Visible to the public  CPS: Breakthrough: Collaborative Research: Securing Smart Grid by Understanding Communications Infrastructure DependenciesConflict Detection Enabled

Project Details
Lead PI:sajaldas
Co-PI(s):Simone Silvestri
Mariesa Crow
Performance Period:09/01/15 - 08/31/19
Institution(s):Missouri Science and Technology
Sponsor(s):National Science Foundation
Award Number:1545037
754 Reads. Placed 282 out of 803 NSF CPS Projects based on total reads on all related artifacts.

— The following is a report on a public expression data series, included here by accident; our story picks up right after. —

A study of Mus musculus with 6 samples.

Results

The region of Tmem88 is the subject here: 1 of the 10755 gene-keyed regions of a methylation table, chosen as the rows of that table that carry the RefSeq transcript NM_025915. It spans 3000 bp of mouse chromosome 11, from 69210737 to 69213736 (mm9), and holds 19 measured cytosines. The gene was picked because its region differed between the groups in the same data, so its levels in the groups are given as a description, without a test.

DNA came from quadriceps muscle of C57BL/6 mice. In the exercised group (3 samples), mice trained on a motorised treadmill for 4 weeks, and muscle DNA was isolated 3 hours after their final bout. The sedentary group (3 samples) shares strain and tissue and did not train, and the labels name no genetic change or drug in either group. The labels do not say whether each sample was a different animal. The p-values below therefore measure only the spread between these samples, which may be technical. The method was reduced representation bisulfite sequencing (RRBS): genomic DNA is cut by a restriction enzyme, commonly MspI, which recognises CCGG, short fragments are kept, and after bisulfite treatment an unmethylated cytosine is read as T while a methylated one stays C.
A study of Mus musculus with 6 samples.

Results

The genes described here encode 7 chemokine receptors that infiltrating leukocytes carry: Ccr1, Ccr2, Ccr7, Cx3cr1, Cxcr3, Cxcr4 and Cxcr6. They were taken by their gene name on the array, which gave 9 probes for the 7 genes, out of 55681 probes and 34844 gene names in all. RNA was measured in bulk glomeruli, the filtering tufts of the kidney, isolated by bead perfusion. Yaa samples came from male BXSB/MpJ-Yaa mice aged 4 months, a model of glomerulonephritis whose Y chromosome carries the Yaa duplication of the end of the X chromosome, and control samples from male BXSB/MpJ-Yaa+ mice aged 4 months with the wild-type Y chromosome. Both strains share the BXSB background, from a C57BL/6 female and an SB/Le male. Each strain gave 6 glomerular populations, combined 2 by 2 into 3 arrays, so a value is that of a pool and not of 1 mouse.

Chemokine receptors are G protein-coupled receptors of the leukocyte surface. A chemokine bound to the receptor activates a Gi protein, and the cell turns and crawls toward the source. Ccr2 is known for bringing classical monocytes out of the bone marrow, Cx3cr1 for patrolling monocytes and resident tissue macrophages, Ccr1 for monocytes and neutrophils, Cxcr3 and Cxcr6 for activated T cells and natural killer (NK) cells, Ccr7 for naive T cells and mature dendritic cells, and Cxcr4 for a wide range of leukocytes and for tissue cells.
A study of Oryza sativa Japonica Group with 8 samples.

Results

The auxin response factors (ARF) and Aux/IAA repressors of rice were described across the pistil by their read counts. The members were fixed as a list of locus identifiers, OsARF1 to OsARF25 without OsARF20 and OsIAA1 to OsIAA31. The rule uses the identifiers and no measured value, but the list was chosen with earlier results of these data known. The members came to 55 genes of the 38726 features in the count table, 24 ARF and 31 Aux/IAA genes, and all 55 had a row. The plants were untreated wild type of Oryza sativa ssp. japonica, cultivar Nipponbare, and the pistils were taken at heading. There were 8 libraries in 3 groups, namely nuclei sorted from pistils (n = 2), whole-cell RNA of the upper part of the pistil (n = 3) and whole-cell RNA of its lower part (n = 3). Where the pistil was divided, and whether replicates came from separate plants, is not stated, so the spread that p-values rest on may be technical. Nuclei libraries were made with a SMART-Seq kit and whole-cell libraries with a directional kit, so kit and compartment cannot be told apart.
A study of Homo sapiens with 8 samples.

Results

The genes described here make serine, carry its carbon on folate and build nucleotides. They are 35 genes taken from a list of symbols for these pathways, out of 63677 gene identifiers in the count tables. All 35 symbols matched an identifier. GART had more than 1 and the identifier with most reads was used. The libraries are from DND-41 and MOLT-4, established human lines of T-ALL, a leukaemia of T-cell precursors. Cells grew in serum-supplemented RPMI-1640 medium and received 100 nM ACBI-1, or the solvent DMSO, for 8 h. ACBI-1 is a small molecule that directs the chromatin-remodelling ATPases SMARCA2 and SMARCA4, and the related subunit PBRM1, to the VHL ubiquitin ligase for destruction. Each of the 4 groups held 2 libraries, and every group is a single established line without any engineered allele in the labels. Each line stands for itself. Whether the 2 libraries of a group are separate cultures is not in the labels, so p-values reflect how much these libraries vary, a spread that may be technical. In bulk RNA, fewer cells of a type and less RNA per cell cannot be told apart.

Abstract: Smart grid includes two interdependent infrastructures: power transmission and distribution network, and the supporting telecommunications network. Complex interactions among these infrastructures lead to new pathways for attack and failure propagation that are currently not well understood. This innovative project takes a holistic multilevel approach to understand and characterize the interdependencies between these two infrastructures, and devise mechanisms to enhance their robustness. Specifically, the project has four goals. The first goal is to understand the standardized smart grid communications protocols in depth and examine mechanisms to harden them. This is essential since the current protocols are notoriously easy to attack. The second goal is to ensure robustness in state estimation techniques since they form the basis for much of the analysis of smart grid. In particular, the project shall exploit a steganography-based approach to detect bad data and compromised devices. The third goal is to explore trust-based attack detection strategies that combine the secure state estimation with power flow models and software attestation to detect and isolate compromised components. The final goal is to study reconfiguration strategies that combine light-weight prediction models, stochastic decision processes, intentional islanding, and game theory techniques to mitigate the spreading of failures and the loss of load. A unique aspect of smart grid security that will be studied in this project is the critical importance of timeliness, and thus a tradeoff between effectiveness of the mechanisms and the overhead introduced. The project is expected to provide practical techniques for making the smart grid more robust against failures and attacks, and enable it to recover from large scale failures with less loss of capacity. The project will also train students in the multidisciplinary areas of power systems operation and design, networking protocols, and cyber-physical security.